Across the country housing prices are climbing, and many people are struggling to afford to live in their own communities. In Petersburg, rising prices have combined with another factor – a simple lack of space.
Chase Kirby recently began a job as a police officer in Petersburg. He says the chief made it clear during the interview that housing is hard to come by here. But he wasn’t expecting it to be this hard.
Kirby has a wife, three children, six dogs, and one cat. They’re all waiting back in Utah while he tries to find at least a three bedroom house. He’s working with a realtor, and the borough is reaching out on his behalf, but nothing has opened up so far. Meanwhile, Kirby is staying in the firehouse.
“It’s not horrible,” he says, “but it’s not home.”
He says that he and his family miss each other. He’s heard that some homes may become available several months from now, but nothing definite.
Just in the past few years, housing has become a big issue in this small fishing community. Much of the nation is experiencing a lack of affordable housing, and many people have had to move to cheaper areas with longer commutes. But like many Southeast towns, Petersburg is on an island, so commuting from out of town isn’t an option.
“The rental market is very tight,” says local real estate agent Sarah Holmgrain, “as well as the home sales market. It’s difficult to find rentals right now that can accommodate really anybody more than a person or more than a couple.”
A quick online search shows two homes for sale in Petersburg and zero rentals. But 15 airbnbs are available. Holmgrain says that’s one area of Petersburg’s housing market that has grown.
“And that’s where I think a lot of our rentals have either disappeared into,” she says, “that, or as people have developed rentals, they become Airbnbs.”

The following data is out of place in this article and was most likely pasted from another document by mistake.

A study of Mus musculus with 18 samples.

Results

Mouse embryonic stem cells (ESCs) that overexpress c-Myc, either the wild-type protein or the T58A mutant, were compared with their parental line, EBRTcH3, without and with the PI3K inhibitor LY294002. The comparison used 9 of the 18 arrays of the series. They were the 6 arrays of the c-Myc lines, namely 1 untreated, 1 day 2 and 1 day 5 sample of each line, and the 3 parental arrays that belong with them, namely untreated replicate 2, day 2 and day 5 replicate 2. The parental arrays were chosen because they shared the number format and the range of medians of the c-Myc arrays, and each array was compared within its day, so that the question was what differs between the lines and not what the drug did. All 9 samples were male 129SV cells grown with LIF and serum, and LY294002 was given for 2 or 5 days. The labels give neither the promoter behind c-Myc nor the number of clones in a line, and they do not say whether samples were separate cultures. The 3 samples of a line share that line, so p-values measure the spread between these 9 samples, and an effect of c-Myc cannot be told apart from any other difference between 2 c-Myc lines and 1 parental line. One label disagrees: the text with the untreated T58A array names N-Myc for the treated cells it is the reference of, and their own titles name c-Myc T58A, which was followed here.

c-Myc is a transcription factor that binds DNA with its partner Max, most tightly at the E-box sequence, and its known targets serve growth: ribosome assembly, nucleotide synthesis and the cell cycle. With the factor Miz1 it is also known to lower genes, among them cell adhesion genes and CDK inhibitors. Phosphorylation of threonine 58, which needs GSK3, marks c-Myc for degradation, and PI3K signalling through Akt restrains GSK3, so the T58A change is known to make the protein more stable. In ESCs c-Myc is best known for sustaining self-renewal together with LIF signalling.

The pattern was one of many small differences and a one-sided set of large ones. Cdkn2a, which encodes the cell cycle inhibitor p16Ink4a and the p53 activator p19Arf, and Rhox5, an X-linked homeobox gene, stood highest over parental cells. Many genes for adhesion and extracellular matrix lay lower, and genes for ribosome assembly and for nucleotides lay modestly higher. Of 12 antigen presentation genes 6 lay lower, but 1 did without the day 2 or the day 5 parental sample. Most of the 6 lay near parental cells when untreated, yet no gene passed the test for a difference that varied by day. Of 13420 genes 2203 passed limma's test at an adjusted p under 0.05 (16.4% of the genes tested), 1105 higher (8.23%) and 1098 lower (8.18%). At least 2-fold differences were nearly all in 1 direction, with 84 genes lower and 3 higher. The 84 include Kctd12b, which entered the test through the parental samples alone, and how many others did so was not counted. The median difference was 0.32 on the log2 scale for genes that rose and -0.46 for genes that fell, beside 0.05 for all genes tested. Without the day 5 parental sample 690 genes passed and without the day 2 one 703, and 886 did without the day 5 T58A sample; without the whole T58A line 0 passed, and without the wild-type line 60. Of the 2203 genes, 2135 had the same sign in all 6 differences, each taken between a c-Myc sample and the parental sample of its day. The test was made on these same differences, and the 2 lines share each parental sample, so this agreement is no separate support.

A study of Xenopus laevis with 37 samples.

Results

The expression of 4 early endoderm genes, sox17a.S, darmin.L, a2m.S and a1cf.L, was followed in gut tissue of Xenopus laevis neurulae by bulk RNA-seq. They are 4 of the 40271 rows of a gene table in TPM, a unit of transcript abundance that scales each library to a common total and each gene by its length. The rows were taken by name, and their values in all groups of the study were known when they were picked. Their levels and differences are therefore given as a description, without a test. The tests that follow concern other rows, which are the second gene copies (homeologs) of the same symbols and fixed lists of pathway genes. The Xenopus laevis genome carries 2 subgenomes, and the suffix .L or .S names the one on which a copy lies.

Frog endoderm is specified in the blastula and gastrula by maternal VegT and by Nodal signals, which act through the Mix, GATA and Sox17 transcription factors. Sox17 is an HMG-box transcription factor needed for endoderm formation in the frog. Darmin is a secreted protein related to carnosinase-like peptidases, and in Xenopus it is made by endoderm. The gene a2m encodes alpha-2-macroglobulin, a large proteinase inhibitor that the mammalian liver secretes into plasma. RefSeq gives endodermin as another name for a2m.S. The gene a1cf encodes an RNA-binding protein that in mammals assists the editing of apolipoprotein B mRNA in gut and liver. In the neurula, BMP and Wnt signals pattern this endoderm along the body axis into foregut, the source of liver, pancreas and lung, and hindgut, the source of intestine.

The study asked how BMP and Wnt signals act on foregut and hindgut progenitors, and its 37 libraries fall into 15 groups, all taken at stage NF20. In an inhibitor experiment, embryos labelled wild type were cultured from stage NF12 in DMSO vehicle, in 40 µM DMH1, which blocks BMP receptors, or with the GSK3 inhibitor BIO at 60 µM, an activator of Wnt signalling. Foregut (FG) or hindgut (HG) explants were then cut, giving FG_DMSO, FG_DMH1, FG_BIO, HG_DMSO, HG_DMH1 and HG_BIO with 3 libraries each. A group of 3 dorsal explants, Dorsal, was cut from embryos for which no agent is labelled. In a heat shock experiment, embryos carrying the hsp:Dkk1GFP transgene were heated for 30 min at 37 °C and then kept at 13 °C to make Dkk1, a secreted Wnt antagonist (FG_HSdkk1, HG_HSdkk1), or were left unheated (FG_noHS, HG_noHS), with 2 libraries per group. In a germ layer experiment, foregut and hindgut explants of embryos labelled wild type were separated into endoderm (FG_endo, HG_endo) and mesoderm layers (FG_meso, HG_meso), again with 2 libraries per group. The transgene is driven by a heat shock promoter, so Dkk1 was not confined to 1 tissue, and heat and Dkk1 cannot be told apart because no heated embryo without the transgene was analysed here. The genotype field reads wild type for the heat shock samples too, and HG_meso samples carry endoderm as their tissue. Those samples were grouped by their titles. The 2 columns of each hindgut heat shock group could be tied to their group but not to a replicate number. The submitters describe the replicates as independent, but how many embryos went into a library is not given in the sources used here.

That lack of rentals limits the options for people who are trying to make a transition in their lives – whether they’re hoping to move into a situation, like Kirby with his new job, or out of one.
“If today, you had to pick up and leave, where would you go?” says Annette Bennett. They’re the director of WAVE, a nonprofit organization that offers assistance to people in Petersburg who are impacted by violence. “There just isn’t an option. And so that puts people choosing to stay in an unhealthy or unsafe space, because they’d rather do that than be homeless. And there’s also some people that choose to live in their cars, because they can’t live at home anymore.”
Another group that’s affected by the shortage is local employers. Some are having a hard time attracting essential workers. Borough Manager Steve Giesbrecht says the borough has been trying for six months to fill its Fire/EMS Director position, and several finalists have backed out citing housing as a reason.
“We can bring more workers to town,” Giesbrecht says, “but if they can’t find a place to live, then they can’t move here. So it’s gonna be very difficult to fix the lack of workforce without fixing the housing side of it.”
The borough is looking into creating additional lots that people could build houses on. However, it’s very expensive to extend roads and utilities to new areas. Giesbrecht says, “Generally what we see is by the time the infrastructure is put in place, the value of the lots is so high that people can’t afford them.”
The borough is also interested in creative solutions. It hopes to lease units from the U.S. Coast Guard and make them available for Petersburg first responders. The Borough Assembly on August 29th held a work session on housing, and discussed possibilities like regulating airbnbs, creating tax incentives for rentals, and designating a legal camping area in town.
At the next public meeting on September 6th, councilmember Thomas Fine-Walsh plans to propose an ordinance to allow for tiny homes, accessory dwellings, and multiple buildings on a single lot.
Meanwhile the borough is seeking letters of interest to serve on a housing task force. You can find a link to that information on our website, KFSK.org.